From the humble beginnings of its 1942 founding, the National Association of Evangelicals has grown into a respected, unifying voice for evangelicals in our nation’s capital.
An early concern was protecting access to the airwaves for evangelical radio broadcasters. Delegates to the annual conventions also approved resolutions on public policy issues ranging from confronting communism to promoting racial justice to banning smoking on airplanes.
In 1953, newly elected President Dwight D. Eisenhower met with NAE leaders in the White House to discuss the need for national moral and spiritual renewal. The Korean War was drawing to a close, but the struggle with communism abroad and the sexual revolution at home would continue for decades. Most presidents since then have either spoken at NAE events or met with NAE leaders.
For many years the NAE was represented by Clyde Taylor, Sr., a former Christian and Missionary Alliance missionary to Peru. Taylor’s experience proved valuable as he helped many recently formed evangelical missionary societies negotiate passport and visa issues with the State Department and foreign embassies.
While NAE members appreciated the practical assistance with government representation, Billy Melvin, who served as NAE executive director from 1967–1995, recalls that some evangelicals frowned upon political involvement. This changed over time.
After years of patient work in educating legislators, forming coalitions and mobilizing constituent support, the NAE helped get two important bills through Congress in one year: the Equal Access Act of 1984 (EAA) and Church Audit Procedures Act (CAPA).
The EAA guarantees the rights of students to meet on high school campuses for religious purposes, where the school allows non-curricular secular groups similar privileges. The Christian Legal Society’s Kim Colby said, “The NAE worked tirelessly for the EAA. The EAA is why public secondary students can read the Bible, pray and share their religious beliefs on public school property.”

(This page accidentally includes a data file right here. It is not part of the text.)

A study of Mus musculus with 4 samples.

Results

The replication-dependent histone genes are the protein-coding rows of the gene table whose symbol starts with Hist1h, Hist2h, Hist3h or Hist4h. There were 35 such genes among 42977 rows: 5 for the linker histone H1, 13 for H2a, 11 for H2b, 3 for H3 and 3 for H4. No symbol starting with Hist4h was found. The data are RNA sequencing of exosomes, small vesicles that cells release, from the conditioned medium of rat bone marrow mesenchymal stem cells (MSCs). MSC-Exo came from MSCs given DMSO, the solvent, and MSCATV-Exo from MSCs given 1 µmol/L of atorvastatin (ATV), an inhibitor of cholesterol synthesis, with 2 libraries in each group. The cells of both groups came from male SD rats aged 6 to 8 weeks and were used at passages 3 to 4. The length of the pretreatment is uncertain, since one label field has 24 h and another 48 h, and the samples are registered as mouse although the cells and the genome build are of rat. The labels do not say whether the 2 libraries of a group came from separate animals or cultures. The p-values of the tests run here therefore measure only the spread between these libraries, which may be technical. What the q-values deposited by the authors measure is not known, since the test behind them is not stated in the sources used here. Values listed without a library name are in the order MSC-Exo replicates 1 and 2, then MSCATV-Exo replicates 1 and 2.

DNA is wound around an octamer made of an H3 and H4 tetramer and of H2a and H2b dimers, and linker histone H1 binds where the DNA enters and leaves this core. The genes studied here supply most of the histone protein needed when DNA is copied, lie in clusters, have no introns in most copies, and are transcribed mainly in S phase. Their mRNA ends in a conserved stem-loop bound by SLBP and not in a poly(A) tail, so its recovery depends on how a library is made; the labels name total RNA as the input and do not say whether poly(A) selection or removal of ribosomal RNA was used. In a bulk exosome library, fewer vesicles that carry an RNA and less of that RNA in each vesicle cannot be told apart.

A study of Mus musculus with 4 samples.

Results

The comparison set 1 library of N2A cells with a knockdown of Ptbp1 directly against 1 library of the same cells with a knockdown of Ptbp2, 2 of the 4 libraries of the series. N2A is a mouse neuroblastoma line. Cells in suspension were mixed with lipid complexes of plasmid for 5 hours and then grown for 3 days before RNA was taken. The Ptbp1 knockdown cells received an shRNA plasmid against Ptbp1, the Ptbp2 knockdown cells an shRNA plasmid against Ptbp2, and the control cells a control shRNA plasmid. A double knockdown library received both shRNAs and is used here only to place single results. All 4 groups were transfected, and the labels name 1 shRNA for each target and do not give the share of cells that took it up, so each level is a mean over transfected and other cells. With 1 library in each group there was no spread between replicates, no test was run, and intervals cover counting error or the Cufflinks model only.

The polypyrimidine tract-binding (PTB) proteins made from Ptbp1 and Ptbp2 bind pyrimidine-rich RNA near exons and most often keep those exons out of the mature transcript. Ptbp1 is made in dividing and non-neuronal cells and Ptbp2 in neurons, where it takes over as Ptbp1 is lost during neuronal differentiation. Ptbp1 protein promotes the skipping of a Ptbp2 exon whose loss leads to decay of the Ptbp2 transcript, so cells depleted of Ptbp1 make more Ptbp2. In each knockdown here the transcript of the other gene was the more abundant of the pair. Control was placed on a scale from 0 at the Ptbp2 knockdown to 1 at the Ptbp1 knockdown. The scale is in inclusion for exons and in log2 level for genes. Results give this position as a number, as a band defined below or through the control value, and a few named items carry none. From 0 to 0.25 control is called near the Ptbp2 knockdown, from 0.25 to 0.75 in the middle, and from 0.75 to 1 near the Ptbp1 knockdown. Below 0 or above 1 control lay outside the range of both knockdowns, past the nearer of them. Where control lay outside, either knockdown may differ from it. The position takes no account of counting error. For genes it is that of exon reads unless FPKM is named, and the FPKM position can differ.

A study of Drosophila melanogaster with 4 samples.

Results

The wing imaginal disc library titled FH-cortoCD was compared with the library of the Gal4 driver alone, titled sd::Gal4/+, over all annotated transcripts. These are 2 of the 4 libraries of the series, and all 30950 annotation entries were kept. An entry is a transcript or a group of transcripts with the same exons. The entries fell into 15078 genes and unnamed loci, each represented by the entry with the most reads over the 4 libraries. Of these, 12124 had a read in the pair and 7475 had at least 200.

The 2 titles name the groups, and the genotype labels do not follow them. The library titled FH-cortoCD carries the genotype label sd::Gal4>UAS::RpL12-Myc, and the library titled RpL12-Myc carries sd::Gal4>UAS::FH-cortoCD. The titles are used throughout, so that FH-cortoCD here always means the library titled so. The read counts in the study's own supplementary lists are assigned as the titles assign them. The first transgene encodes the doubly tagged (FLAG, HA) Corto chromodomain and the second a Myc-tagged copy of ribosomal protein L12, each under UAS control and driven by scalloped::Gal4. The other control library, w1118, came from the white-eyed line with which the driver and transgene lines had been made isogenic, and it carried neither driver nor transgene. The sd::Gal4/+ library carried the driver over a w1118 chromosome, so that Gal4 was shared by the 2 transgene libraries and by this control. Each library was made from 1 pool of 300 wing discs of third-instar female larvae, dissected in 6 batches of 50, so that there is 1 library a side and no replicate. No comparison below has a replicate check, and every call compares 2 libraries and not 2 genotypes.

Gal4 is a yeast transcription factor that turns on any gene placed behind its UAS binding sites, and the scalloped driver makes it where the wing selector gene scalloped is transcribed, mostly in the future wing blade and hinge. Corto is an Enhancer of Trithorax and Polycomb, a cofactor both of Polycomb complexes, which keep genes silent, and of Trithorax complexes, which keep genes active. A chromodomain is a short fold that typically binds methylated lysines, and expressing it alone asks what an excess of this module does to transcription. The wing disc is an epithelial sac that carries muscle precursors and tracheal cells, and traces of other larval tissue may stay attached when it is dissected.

That same year, the NAE pushed Congress to pass the CAPA, which protects churches from unduly intrusive audits by the IRS, as part of broader tax reform legislation.
In 1990, religious freedom advocates were shocked when the Supreme Court declared that the Constitution does not protect religious believers from a neutral law of general applicability that hinders the free exercise of their religion.
The NAE worked with a broad coalition to pass the Religious Freedom Restoration Act (RFRA). When the Supreme Court ruled that RFRA did not apply to state and local governments, the NAE advocated for the Religious Land Use and Institutionalized Persons Act (RLUIPA), which addresses religious discrimination by prison officials and local zoning boards.
Another landmark law with NAE fingerprints is the International Religious Freedom Act.
Successful advocacy for domestic and international religious freedom is a consistent thread throughout the NAE’s history. “When it comes to advancing religious liberty for all persons of any faith over the past 25 years, the NAE can only be described as indispensable,” said Steve McFarland, legal counsel for World Vision.
The NAE’s advocacy agenda over the years has been broad. President Ronald Reagan’s famous “Evil Empire” speech was delivered at the NAE’s 1983 Orlando convention. A major NAE initiative on Peace, Freedom and Security Studies — conducted as the Cold War raged — provided sophisticated and balanced analysis that critiqued distortions of both right and left.
Other NAE advocacy focused on human rights, contributing to passage of the North Korea Human Rights Act, the Sudan Peace Act, the Prison Rape Elimination Act, and the Trafficking Victims Protection Act.
The NAE also supported pro-life legislation including the Hyde and Weldon amendments and the Partial Birth Abortion Act. In recent years, major NAE activity has built significant evangelical support for immigration reform, criminal justice reform and ending predatory lending abuses. The NAE’s approach is summarized in “For the Health of the Nation: An Evangelical Call to Civic Responsibility.”
This article originally appeared in Evangelicals magazine.